Teen's Wales rugby exhibition wins her animation scholarship
Heard the one about how JPR Williams helped an art student in Hong Kong win a scholarship created by the wife of Walt Disney?
Carys Feehan has only ever been to Wales on holiday, but she is certainly animated about her Welsh roots.
The 18-year-old's debut exhibition on rugby and Welsh culture so impressed the world-famous CalArts University in Los Angeles that they immediately offered her their most prestigious Lillian Disney Scholarship.
From September she will study Character Animation at the studios which have served as a production line for artists at the likes of Disney, Pixar and DreamWorks.
Born on Lantau Island, Hong Kong, to parents from Barry, Vale of Glamorgan, Carys grew up with tales of Eisteddfods and Grand Slams.
In her mellifluous part-Welsh-part-Hong Kong-part-American accent, she explains the obsession which has fuelled her creativity.
"Dad came over here to work on the new Chek Lap Kok airport and loved it so much that he never went back.
"But we always stayed firmly Welsh. There is a St David's Society of Hong Kong for Welsh ex-pats, which does charity work and social events, so I soon got obsessed with all things Wales - rugby in particular.
"Having lived in Hong Kong all my life, I've always felt somewhat estranged from Wales, but at the same time fiercely patriotic.
"It's that sense of disconnected pride which I tried to capture in my exhibition."
The centrepiece is three portraits, of JPR Williams, Gareth Thomas and George North, incorporating embroidered battle-scars to lend a sense of 3D perspective.
Other works see players whose faces have been replaced with decorated Mari Lwyd wassailing horse heads, and a female player with Welsh mountains erupting from her shoulders.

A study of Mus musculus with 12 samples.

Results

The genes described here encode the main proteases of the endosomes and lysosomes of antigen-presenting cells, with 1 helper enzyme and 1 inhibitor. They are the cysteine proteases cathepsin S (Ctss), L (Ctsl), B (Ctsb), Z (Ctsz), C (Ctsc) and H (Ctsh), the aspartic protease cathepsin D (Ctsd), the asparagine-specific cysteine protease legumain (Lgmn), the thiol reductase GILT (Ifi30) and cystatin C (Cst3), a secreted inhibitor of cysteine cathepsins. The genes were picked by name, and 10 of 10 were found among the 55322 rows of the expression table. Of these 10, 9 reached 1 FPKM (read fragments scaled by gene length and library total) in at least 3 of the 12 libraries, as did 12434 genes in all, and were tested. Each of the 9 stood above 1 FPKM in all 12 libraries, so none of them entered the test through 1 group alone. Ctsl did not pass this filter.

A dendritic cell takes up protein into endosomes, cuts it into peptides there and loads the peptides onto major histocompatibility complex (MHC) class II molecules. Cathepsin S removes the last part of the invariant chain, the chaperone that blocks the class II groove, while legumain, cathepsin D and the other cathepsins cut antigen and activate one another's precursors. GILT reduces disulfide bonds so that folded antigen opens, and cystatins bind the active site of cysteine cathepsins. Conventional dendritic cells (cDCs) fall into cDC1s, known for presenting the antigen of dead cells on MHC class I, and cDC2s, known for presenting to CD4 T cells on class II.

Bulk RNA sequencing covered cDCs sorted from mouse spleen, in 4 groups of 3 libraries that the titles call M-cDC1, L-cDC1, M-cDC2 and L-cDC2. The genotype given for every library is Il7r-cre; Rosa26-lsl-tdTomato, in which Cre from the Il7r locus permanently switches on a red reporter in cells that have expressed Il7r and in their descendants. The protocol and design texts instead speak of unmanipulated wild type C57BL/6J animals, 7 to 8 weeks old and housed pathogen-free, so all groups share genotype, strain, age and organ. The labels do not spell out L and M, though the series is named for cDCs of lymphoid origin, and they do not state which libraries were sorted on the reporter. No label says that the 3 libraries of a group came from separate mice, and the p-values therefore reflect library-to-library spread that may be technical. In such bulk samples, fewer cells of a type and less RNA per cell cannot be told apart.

She said: "The natural setting of Wales is striking and the country boasts a rich history and culture, from the mining communities to the farmers of the countryside.
"However, Welsh national pride is most overtly expressed through its national sport; rugby.
"By obscuring the faces of rugby players with Mari Lwyd skulls, I wanted to combine the symbols of old and modern Welsh culture, to further reiterate rugby's deep roots in our heritage."
But from the past, Ms Feehan's thoughts are now turning firmly to the future.
"I don't think getting into CalArts has properly sunk in yet, and especially winning the Lillian Disney Scholarship, who was such a talented artist in her own right.
"The thought that I could one day be creating the sort of characters with whom I grew up is thrilling.
"My sister's favourite was Woody from Toy Story, but for me it was The Princess and The Frog; the last of the great hand-drawn animated films."
However, before all that Ms Feehan has to quickly come down back to Earth with the small matter of her International Baccalaureate finals starting next week.